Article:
Served and Connected
This past week, we wrapped up Serve and Connect, the expanded community engagement project launched in collaboration with the United States Tennis Association (USTA) Foundation in February that brought together local police officers and students to teach the value of academic accomplishment, living healthy lifestyles, and responsible decision making. After simultaneous kick-offs at Riverdale/Dolton- and Baltimore-based program sites, The ACE Project implemented a curriculum adapted by organizations across the country designed to rebuild trust and resolve conflict between community residents and the police.
It was a big story-- one that was garnering the attention of some significant media--The Chicago Tribune's Tony Baranek captured some of the magic of the program in his article, "Police and kids find a common ground through tennis in Serve & Connect program," in which he highlighted success from various perspectives; however, a question remains: with the shift away from Serve and Connect now, how will The ACE Project sustain the relationships established with the police? Detective Ivan Lugo, of the Riverdale Police Department, hints at a potential obstacle following the completion of the project, saying "This was a great event. I wish more children and even parents could get involved. I think that will be a whole lot better." We agree; we recognize the need to engage more students, parents, and police officers through ACE programs to help dissolve the barriers that remain.
Ns. Marika Allen-Lyles, ACE Site Coordinator and 4th grade math and science teacher at Calvin Rodwell Elementary School in Baltimore, shared her thoughts on how to further engage the police officers, saying "As an educator, I am going to always invite police officers to our schools events because the police are a part of the community and should always be included...The first interaction with a police officer should not be for emergencies only." For ACE, that means inviting police officers to our summer activities to ensure that kids and parents have expanded opportunities to ask questions and develop deeper trust. As Ms. Allen-Lyles points out, "One moment that stuck with me was our very first session and Officer Black was talking with the students and asked them if they had ever been this close to a police officer. Many students said 'no.' So he reached out his hand to a student and said, 'touch my hand,' and the student did. Officer Black then said, 'I'm real just like you,' and the students were able to let down their guard and have an honest conversation with him without being scared." Fear may be considered a strong motivator, but in communities where tension runs high in the search for safe spaces, fear can separate and lead to greater distrust. By bringing police officers on the court during camps, play days, and tournaments this summer, ACE participants have an opportunity to alleviate some of the fear they may feel.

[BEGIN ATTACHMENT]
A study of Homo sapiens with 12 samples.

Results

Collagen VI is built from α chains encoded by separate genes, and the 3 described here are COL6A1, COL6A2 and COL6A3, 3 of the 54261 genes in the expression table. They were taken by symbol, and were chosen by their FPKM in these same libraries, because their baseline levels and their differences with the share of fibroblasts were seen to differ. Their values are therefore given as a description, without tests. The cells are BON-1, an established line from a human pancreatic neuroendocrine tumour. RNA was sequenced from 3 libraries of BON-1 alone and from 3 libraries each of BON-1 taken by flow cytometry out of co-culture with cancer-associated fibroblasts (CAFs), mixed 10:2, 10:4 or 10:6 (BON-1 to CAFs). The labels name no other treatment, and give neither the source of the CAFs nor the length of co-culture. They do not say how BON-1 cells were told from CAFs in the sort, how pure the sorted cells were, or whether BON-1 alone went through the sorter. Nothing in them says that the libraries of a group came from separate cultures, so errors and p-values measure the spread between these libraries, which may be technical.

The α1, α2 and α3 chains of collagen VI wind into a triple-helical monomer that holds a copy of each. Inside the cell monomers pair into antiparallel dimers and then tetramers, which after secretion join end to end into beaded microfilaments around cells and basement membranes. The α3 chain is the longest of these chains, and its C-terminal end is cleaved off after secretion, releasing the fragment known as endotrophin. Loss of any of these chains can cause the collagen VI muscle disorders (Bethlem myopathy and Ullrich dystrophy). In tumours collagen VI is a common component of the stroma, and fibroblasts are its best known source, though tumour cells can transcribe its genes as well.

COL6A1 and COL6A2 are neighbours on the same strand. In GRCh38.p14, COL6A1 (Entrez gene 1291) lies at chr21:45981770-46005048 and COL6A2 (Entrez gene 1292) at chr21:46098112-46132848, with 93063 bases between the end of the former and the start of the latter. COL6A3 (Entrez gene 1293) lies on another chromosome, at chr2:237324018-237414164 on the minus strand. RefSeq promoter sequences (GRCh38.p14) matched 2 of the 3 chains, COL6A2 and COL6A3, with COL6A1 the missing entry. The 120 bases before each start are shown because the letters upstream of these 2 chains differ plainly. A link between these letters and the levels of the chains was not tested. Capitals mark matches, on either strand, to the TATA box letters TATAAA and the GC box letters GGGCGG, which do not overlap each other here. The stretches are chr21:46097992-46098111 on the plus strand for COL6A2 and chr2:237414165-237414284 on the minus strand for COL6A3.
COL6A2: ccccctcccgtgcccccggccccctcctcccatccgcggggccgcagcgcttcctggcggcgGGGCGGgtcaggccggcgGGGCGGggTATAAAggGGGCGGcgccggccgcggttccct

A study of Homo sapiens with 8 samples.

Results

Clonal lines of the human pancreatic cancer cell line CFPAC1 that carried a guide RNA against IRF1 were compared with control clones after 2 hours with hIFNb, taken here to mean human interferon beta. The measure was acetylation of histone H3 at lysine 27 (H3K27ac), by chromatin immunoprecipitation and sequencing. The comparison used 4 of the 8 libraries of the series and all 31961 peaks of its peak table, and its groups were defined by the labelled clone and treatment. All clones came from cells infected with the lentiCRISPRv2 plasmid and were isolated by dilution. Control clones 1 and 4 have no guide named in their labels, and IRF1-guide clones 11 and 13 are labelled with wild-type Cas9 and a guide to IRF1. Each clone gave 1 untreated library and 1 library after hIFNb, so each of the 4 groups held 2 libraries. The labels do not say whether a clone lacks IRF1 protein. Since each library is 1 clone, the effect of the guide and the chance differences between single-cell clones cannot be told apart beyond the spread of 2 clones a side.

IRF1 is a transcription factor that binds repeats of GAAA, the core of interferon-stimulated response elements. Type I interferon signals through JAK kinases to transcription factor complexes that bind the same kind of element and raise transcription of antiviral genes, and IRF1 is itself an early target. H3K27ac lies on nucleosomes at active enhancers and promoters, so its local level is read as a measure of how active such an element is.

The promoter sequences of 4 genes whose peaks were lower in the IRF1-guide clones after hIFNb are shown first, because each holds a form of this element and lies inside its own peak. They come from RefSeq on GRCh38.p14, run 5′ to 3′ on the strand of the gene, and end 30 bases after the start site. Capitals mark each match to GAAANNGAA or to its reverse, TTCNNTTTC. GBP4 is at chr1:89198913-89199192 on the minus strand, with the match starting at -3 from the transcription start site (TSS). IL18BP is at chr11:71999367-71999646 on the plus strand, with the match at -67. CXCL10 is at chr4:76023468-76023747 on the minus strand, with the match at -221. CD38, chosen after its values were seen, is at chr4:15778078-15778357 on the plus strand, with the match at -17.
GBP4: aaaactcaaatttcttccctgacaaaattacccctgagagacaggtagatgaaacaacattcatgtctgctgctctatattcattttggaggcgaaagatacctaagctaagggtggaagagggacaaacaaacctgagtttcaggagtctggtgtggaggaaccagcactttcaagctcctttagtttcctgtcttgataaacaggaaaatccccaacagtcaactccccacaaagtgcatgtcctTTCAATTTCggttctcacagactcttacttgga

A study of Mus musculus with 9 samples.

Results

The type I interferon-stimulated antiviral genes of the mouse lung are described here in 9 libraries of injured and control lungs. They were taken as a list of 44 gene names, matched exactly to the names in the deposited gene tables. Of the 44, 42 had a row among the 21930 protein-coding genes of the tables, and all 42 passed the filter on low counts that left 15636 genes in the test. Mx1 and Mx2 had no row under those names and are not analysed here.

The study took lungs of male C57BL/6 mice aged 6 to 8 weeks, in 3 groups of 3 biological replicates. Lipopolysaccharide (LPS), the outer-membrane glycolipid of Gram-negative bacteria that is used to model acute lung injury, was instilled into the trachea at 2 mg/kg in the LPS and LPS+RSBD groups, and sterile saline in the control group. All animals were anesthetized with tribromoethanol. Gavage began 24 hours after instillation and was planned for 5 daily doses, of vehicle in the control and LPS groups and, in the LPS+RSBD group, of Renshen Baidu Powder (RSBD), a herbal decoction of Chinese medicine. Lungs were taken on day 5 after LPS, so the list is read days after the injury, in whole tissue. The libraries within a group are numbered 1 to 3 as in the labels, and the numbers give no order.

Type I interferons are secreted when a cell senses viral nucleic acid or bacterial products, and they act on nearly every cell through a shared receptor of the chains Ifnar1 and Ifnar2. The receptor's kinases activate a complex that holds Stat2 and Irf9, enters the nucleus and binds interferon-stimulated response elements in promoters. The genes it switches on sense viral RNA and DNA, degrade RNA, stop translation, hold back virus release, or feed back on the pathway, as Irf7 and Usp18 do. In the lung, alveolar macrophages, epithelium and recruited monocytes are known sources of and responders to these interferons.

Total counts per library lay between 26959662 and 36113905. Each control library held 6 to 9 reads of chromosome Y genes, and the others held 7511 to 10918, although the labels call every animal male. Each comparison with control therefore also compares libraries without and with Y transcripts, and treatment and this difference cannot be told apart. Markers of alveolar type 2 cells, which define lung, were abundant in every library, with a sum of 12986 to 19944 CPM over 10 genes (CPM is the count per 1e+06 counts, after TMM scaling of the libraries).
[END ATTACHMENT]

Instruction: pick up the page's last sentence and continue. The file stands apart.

Of course, this strategy will only be successful if we can engage police officers through our summer and after-school programs. Based on what Detective Lugo shared when asked about his experience with the program, it's evident that Serve and Connect ushered in an opportunity for growth: "I learned to be a kid again; the feeling of hope, and the happiness I felt playing with the kids and seeing them have fun with us was amazing...it helped me remember why I signed up for this profession." Through collective effort, we will inspire more harmony and safety within our communities.